Sunday, May 25, 2003

Not Bad...

so i've been using firebird for most of today, and i must say it's pretty cool.

i'm a big fan of the mozilla project in general, if only because XUL is damn cool technology, and i very much like the idea of a lightweight cross platform browser.

i was worried at first (back when they weren't releasing os x builds of phoenix), but it looks like they're well on the way to making firebird into that browser. so far, the only real issues i've found are that startup is a little slow (faster than mozilla, but slower than safari), and there are a number of little annoyances (no hotkey for 'go back a page', open-apple-click doesn't open a link in a new tab, open-apple-h opens the history sidebar instead of hiding the app).

all of these are issues, but they're really to be expected at this point in it's development, and i'm certain that as time goes on it will mature into a fantasticly usable application, both on the mac and elsewhere.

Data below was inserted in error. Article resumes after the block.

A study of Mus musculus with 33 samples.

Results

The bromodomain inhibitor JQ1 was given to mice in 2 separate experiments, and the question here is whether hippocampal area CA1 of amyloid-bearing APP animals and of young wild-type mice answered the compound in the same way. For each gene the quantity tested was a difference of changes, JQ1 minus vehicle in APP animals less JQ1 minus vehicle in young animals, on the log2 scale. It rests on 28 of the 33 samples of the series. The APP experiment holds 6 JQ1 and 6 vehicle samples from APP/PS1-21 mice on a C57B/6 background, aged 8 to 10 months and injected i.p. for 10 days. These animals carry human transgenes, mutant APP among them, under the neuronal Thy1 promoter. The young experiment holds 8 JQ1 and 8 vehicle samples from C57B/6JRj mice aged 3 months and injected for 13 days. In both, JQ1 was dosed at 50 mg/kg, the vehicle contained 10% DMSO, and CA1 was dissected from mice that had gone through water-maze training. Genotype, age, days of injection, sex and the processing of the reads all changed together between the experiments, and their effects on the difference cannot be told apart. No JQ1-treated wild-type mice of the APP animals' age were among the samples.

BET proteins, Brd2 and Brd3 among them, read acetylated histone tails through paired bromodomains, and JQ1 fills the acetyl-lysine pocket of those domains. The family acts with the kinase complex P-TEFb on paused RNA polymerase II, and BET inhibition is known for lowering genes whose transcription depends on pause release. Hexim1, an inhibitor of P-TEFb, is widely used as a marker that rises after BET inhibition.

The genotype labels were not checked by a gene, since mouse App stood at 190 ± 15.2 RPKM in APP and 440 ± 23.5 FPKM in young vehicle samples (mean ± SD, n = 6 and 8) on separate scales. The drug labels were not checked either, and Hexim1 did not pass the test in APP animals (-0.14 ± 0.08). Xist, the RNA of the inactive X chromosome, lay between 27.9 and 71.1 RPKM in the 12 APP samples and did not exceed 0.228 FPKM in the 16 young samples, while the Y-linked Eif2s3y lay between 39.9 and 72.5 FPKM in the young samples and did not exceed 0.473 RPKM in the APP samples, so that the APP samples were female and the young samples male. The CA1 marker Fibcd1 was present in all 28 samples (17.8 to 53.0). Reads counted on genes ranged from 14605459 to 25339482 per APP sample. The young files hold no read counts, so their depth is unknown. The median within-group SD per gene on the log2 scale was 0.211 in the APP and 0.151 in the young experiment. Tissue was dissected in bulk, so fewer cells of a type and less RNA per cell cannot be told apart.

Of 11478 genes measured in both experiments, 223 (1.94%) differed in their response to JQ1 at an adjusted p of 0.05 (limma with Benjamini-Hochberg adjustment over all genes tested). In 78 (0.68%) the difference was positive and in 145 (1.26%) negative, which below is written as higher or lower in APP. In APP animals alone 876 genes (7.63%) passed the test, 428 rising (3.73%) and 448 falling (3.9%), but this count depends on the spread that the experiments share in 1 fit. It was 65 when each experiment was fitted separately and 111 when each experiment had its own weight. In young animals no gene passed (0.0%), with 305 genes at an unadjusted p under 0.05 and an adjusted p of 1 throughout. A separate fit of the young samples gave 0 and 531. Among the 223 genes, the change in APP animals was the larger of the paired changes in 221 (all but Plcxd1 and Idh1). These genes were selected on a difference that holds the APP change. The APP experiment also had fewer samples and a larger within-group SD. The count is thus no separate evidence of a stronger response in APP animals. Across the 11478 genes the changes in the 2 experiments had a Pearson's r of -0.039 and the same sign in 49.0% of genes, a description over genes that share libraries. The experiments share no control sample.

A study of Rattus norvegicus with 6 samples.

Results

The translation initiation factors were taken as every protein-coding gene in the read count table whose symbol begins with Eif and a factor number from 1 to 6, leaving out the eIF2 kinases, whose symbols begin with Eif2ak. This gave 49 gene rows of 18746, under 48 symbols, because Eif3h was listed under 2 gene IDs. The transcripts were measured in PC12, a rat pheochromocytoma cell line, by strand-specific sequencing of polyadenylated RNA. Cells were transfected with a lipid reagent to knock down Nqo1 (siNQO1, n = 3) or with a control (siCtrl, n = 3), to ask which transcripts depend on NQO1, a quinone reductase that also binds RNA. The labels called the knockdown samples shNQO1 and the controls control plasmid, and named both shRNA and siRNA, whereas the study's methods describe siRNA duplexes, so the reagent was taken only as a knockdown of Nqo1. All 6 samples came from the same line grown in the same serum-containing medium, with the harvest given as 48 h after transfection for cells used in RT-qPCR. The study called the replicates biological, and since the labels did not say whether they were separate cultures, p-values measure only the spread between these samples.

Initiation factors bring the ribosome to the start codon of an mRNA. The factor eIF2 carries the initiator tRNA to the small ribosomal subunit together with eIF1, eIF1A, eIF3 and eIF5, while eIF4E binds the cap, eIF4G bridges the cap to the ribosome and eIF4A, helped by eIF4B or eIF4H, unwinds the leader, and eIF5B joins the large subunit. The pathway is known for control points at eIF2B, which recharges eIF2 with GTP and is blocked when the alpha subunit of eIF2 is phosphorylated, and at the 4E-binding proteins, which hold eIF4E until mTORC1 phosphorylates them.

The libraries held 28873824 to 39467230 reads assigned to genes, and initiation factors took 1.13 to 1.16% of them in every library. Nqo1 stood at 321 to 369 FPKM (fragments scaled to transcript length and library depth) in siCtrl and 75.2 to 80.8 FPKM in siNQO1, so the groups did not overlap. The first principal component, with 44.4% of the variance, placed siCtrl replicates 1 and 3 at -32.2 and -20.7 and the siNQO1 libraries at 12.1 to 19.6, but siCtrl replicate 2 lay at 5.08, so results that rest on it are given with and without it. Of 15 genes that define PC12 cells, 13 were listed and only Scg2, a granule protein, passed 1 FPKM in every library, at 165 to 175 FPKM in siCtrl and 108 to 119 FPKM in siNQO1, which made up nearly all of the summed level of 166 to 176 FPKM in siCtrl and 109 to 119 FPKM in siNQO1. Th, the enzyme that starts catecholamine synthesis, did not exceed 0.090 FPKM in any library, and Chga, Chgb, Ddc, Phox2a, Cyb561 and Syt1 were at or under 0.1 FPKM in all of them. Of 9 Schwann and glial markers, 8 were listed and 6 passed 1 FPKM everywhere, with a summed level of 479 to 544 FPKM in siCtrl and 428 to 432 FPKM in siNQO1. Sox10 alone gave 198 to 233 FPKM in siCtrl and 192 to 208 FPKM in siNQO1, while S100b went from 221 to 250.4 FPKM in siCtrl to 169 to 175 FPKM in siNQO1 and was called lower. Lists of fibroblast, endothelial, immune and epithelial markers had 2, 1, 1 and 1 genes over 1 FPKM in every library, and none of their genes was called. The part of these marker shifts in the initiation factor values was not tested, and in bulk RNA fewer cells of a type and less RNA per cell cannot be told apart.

4 comments:

  1. ok, i was wrong. there is a hotkey for back and forward, it's just alt-arrow, instead of open-apple-arrow, like most mac browsers. perhaps that will change in the future... looking at the source for browser.xul, it seems that they've already got an ifdef for windows, so i imagine one for mac will follow eventually.

    http://www.mozilla.org/projects/camino/



    plus, as i said, the XUL (cross platform front end) parts of mozilla are just plain cool, and camino doesn't use those, so a whole host of neat things you can do with mozilla (or firebird) just aren't possible with camino.